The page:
Excerpt from "The Future that Never Took Place: Exploring Detroit’s Abandoned Buildings." First published in Meanjin 72.4 (2013). To see images of some of the places mentioned in this excerpt, visit Detroit Urbex. To read the rest of this essay, purchase this issue of Meanjin


I arrive late at a Detroit diner on a hot October morning in 2011. I’m here to meet an urban explorer who takes photographs of the city’s abandoned buildings. Trusting in the flimsiest of arrangements, all made via email, I’ve come to Detroit from Australia to meet this guy, who goes only by the name of DetroitUrbex. I don’t know his real name, or if he works alone, or even if ‘he’ is a he. I only know that he takes remarkable photographs of an increasingly emptied city, photos that have compelled me to learn more about him and Detroit. I’m not a journalist, and I’ve never interviewed anyone before. But I want to write a story about this guy. At the very least I want to meet him.

I’m usually unfashionably early for appointments, but this morning I’m running twenty minutes late. I don’t have DetroitUrbex’s number, so I’m relieved to spot the sign for the diner, Duly’s. As I swing open the door and step inside, five men turn to face me. I’ve accidentally walked into the Mexican barbershop next door to Duly’s.

‘Hi,’ I say to the silent assembled men, ‘I’m in entirely the wrong place.’

I hightail it next door to the diner. This time, ten male heads swivel towards me from the long counter. No-one waves or gestures. No-one gives any indication I’m in the right spot at all. It’s a long slip of a diner with counter seating only. I order a Coke and take a moment to settle and collect myself.

I consider the possibility that DetroitUrbex has already left. Maybe he’s late. Maybe he saw me go into the barbershop like a fool and is ignoring me now. I look briefly through the glass storefront to the street, then back to the illuminated menu on the wall in front of me. Prices here are frozen in time; you can buy a pancake breakfast for $2.25.

It’s only now that I’m inside and out of the heat that I realise how hot it is outside. I swipe at the sweat that trickles from my short hair to the neck of my T-shirt. A few seats down from me, a young, white, bearded man leans forward into the counter and looks across at me. He nods. It’s DetroitUrbex.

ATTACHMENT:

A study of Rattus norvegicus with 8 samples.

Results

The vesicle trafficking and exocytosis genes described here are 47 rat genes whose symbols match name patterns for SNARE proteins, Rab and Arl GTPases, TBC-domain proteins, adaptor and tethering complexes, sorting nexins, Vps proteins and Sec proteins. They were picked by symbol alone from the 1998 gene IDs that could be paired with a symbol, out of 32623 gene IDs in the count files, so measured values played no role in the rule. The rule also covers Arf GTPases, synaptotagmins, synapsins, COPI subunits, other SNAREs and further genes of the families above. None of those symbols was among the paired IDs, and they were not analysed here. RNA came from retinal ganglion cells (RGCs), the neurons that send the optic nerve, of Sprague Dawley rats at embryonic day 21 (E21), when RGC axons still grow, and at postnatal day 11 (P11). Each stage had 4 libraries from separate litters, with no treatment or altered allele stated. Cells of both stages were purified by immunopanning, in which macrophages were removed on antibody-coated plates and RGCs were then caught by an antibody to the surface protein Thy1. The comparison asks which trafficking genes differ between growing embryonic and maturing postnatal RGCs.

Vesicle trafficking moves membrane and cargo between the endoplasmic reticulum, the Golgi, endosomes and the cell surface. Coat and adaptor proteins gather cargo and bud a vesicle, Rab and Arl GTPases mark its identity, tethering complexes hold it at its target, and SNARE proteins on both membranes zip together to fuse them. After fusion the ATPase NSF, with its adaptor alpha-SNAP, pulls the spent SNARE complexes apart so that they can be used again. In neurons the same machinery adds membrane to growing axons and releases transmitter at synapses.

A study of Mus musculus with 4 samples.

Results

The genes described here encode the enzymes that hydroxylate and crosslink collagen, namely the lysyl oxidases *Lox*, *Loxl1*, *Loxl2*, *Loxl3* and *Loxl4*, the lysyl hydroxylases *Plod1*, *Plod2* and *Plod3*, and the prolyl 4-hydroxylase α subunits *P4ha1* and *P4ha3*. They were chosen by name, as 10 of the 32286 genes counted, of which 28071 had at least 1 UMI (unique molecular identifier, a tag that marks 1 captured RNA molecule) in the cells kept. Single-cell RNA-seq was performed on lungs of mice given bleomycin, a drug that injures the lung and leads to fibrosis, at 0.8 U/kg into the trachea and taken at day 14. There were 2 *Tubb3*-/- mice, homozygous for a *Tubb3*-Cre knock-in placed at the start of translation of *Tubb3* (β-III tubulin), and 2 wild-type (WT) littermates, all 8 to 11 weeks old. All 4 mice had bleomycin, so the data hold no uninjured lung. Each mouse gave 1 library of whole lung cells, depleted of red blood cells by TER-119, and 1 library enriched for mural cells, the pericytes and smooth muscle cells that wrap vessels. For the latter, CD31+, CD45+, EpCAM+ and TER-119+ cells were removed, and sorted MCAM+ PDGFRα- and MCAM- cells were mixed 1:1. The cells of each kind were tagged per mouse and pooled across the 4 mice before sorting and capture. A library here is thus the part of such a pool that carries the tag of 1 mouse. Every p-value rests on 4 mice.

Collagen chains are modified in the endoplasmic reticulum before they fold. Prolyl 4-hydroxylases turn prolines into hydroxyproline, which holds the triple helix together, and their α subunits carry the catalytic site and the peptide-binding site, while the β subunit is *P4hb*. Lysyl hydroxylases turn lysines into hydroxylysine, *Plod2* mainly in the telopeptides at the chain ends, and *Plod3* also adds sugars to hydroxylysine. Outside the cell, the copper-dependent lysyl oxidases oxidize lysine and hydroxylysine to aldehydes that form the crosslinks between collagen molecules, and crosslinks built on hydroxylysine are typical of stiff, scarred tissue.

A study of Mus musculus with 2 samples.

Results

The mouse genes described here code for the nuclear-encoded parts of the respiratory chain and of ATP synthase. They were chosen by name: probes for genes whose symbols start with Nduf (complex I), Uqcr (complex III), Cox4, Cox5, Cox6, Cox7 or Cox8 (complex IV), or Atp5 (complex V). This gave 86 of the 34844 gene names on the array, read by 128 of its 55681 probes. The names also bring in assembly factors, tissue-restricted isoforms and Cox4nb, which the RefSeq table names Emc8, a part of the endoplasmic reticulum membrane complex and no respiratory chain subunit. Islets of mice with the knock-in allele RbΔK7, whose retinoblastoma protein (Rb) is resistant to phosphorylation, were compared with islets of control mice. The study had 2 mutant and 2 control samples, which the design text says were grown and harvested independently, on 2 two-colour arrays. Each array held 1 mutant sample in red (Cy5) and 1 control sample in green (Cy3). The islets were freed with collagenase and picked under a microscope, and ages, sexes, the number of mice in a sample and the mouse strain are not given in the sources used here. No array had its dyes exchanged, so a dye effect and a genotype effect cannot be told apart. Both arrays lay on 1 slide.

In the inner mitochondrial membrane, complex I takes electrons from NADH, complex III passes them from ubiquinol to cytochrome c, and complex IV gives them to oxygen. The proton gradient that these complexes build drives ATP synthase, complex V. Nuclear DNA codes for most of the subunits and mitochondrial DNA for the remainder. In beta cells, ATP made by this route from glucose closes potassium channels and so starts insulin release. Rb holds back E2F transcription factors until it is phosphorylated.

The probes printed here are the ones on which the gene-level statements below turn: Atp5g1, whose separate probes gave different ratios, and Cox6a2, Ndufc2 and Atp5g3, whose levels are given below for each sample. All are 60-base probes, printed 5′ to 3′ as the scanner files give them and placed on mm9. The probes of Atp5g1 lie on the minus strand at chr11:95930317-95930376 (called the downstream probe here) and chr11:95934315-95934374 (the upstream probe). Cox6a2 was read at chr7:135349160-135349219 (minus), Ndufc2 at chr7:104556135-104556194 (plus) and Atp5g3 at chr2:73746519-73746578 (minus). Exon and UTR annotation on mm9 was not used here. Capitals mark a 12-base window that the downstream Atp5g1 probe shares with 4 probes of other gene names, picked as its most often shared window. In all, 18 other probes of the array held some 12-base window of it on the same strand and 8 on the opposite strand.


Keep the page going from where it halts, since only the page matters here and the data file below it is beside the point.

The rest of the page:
Urban exploration, or ‘urbex’, can be described as ‘seeking out, visiting and documenting interesting human-made spaces, most typically abandoned buildings, construction sites, active buildings, stormwater drains, utility tunnels and transit tunnels’. That’s the definition given by Jeff Chapman, aka Ninjalicious, a Canadian explorer who literally wrote the book on urbex with his guide Access All Areas. Urban exploring is a kind of subculture. Explorers connect online to swap locations, tips and warnings. They share pictures and videos on blogs, Flickr, and YouTube. Some serious photographers turn their explorations into coffee-table books, such as Andrew Moore’s Detroit Disassembled, Yves Marchand and Romain Meffre’s The Ruins of Detroit, and Dan Austin and Sean Doerr’s Lost Detroit.

What DetroitUrbex does is not new, exactly. But there is something understated and striking about his photographs. They are simple, unsentimental pictures of abandoned places. He displays his lovingly crafted and meticulous photographs on his website and unlike most other photographers he gives a sense of historical perspective with his ‘Then and Now’ photographs, in which he splices together a historical image of, say, a classroom as it looked filled with students in the 1980s and a current image of the same location. The effect is both heart-warming and devastating.

Perhaps most striking of all are his pictures of an abandoned seven-storey building in a high school called Cass Tech. Paint peels from walls in great curling flakes. A gymnasium’s water-damaged wooden floor buckles into knee-high wooden waves. An empty dance hall is strewn with forgotten papers, notes, cardboard boxes. But now, on DetroitUrbex’s site, embedded in the picture of the ruined gym is an earlier photo of basketball players, lively and vibrant in the unruined gym, perhaps in the 1980s or 1990s. A basketball and a basketball player hang in midair forever, unaware of the encroaching ruin. And so it goes on: we see picture after picture of unruined spaces embedded in other images of what they have since become. Svetlana Boym writes that ‘ruins make us think of the past that could have been and the future that never took place’. That is what these pictures do, too—but they also show us the future that did take place. The images are even more striking when you discover that the building was demolished in 2011.

DetroitUrbex captures two different lost pasts in one image, a kind of dual haunting. What sort of person is he, I wondered as I pored over these images in Brisbane, and what has brought him to be an unofficial caretaker of abandoned places? Why does he do this?